On Thanksgiving Day, November 23rd, 1972, 11 year old Terri Lynn Hollis and her 16 year old brother, Randy, were at their home in Torrance, California. Terri was restless and went to play outside on her bike at around 3PM, never to return.
The local police were alerted and Terri was officially reported as missing. Officers, who arrived at the girls home at around 9PM, searched throughout the night but could not locate the missing child. The following day fishermen over 70 miles away discovered the body of a little girl near the shoreline at the bottom of cliff at Point Mugu near Oxnard. The female child was in a state of undress, naked with the exception of a white T-shirt, and she very much matched the description of the missing Hollis child with blonde hair and blue eyes, standing at around 5ft tall and weighing around 90lbs. Autopsy would later reveal that she had been sexually assaulted and choked to death before being cruelly discarded below a main Southern California highway over 100KM from her home on 2603 Dalemead Street, Torrance.
Dalemead Street and the surrounding areas changed after the murder. Residents kept a close eye on their children as well as the other neighborhood kids and parents encouraged the buddy system and escorted their children whenever they could, in fear that the unknown predator would strike again.
Police canvassed the local and surrounding areas and conducted over 2000 interviews in the hope of unearthing any information that could lead to the identity of Terri’s killer, but the case quickly went cold and stayed cold for almost 50 years. They believed that Terri Lynn had rode her bicycle to a nearby park where she was likely abducted.
Newspaper clippings from the time illustrate the direction police took in an effort to find the little girls killer. One article details the interviews investigators conducted with known sex offenders and how they arrested their first suspect the following month, a 29 year old man named Ronald Paul Kozack. Although Kozack did have a history of child molestation, there was no evidence to connect him to Terri Lynn’s murder and the charges were later dropped, leaving police at a loss for answers.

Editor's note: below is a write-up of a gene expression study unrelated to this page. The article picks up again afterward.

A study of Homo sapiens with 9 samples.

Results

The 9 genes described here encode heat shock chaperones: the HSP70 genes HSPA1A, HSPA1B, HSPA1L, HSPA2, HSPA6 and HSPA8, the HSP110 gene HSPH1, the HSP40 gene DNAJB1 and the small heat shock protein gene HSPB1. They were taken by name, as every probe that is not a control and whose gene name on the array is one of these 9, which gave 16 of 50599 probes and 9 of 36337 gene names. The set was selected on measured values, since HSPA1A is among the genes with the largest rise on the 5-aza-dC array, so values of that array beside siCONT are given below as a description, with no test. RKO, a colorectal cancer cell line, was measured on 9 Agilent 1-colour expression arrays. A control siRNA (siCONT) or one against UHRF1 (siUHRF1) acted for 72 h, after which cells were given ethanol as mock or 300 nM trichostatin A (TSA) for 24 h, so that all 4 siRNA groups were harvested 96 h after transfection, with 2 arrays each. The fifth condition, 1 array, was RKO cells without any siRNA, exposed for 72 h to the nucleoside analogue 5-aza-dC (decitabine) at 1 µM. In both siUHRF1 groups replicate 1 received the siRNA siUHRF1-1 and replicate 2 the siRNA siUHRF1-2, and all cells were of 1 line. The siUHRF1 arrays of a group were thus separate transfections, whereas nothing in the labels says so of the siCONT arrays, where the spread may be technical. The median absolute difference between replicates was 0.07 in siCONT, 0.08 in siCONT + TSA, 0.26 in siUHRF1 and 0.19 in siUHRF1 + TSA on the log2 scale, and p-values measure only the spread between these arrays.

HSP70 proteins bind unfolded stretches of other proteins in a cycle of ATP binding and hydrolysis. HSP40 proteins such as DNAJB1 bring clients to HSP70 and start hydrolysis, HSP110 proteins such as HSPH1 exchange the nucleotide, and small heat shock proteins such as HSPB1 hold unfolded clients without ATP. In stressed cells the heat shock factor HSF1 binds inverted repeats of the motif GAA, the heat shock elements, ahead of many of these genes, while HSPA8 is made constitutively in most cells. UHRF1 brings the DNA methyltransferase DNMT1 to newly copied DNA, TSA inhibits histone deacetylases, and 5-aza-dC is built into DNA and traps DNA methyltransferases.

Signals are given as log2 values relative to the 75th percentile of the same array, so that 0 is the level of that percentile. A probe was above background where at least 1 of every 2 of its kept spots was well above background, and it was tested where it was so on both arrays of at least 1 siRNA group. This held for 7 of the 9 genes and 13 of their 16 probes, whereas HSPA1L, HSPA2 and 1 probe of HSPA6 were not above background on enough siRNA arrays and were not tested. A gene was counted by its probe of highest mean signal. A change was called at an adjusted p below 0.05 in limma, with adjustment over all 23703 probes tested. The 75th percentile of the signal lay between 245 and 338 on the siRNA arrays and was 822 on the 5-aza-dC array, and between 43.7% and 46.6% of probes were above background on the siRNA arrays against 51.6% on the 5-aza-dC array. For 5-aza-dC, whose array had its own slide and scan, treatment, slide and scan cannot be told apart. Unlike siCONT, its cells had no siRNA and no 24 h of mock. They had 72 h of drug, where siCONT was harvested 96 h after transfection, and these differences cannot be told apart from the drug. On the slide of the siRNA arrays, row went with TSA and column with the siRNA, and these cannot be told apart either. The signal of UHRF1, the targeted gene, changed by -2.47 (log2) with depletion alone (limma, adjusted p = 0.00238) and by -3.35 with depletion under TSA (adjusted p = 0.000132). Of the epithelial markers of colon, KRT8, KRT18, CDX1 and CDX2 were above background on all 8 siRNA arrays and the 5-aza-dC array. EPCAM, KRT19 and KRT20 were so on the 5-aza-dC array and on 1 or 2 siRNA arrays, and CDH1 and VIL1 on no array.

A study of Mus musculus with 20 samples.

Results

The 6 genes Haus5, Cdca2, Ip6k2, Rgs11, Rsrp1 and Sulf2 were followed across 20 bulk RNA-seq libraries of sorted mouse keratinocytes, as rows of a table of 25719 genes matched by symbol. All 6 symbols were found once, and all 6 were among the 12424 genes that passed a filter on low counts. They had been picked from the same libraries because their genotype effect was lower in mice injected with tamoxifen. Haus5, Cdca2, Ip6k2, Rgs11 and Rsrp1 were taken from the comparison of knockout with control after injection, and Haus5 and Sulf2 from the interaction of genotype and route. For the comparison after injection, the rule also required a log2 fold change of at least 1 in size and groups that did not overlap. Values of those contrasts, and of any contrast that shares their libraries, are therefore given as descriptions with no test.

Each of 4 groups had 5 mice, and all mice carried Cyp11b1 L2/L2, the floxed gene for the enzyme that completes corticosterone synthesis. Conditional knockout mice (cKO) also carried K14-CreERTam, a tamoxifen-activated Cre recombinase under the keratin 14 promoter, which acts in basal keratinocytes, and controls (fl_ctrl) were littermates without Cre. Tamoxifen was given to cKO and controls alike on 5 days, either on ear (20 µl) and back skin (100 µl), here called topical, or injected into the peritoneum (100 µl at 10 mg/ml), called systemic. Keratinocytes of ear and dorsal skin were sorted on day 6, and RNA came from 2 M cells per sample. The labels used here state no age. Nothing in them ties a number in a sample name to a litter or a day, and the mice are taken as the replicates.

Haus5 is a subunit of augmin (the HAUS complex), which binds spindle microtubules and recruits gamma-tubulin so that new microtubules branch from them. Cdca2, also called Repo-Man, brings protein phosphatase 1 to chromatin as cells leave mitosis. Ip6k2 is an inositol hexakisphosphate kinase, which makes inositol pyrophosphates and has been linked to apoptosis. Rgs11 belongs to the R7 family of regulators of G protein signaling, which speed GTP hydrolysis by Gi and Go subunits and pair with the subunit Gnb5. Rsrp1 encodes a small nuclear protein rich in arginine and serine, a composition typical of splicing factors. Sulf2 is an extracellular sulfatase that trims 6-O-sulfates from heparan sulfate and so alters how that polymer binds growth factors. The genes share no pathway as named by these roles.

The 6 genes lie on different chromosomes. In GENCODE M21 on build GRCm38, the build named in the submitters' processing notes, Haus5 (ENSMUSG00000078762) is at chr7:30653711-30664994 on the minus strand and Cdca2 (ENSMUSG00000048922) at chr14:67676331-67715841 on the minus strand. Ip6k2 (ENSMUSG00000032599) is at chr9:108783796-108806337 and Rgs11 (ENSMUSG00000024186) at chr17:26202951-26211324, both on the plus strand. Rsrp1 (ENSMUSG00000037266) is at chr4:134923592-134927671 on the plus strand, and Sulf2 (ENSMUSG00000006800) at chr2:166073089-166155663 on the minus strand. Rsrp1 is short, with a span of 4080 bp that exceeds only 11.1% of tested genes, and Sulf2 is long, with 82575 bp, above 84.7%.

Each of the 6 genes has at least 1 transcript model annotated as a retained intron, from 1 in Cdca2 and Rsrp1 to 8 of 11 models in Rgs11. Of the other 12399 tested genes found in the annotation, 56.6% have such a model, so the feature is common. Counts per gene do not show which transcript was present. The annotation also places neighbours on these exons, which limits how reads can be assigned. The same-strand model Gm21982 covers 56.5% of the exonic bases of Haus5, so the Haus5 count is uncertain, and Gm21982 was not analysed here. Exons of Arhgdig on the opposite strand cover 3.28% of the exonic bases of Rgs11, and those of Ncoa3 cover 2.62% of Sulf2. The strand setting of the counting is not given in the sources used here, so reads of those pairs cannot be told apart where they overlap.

DNA evidence found on the victim’s body was lifted and preserved and in the early 2000’s it was entered into the FBI’s Combined DNA Index System, CODIS, however yielded no results. But in 2018 it was entered into a genetic genealogy database and flagged a possible relative whom police contacted for further information. Suddenly, after almost half a century, they had a name: Jake Edward Brown.
Jake Edward Brown, who also went by the alias “Thomas Tracy Burum” moved around a lot and was registered as living at several addresses over the years. 11 year old Terri Lynn Hollis was not the first to suffer a cruel ordeal at the hands of Brown- rapes, robberies and sexual assaults peppered the man’s criminal record and Terri Lynn would not be his final victim.
It’s unclear why Jake Edward Brown, at the time 36 years old, was in the area in November 1972. Investigators questioned whether he was passing through and had committed the crime opportunistically or if he was specifically on the lookout for a victim. They would never find out, as Brown died in Maricopa County, Arizona in 2003 from what was listed on his death certificate as “medical complications”. According to various reports on the case he was thought to be homeless or transient at the time of his death.
Edward Brown’s body was exhumed and a piece of bone was extracted from his remains in order to be tested against the DNA left on the victim’s body and after five decades, the case was finally solved.
At a conference this month, police displayed an enlarged mug shot of Brown along with full body photographs from both the front and side profile as they informed the local community that the cold case had finally been solved. The images, which were documented during one of Brown’s earlier arrests, show a mustached Caucasian male with dark hair who appears to be in his late twenties to early thirties, clad in a black and white ringer-T and denim jeans.
Unfortunately Terri Lynn’s parents did not live long enough to see the case solved, but her brother, Randy, who was with her on the day she went missing was present at the conference. He stated that he wished his parents were there before going on to encourage the family members of victims lost to unsolved crimes not to give up hope of resolution.
With the recent success rate of cold cases solved by entering crime scene DNA into genealogy databases the opportunity for resolution and closure for others like Randy is ever closer. Advances in forensic science and the popularity of genealogy websites has become an invaluable tool to investigators when it comes to the identification and ultimately, arrests of killers and criminals who would have otherwise went undetected and unpunished for their crimes.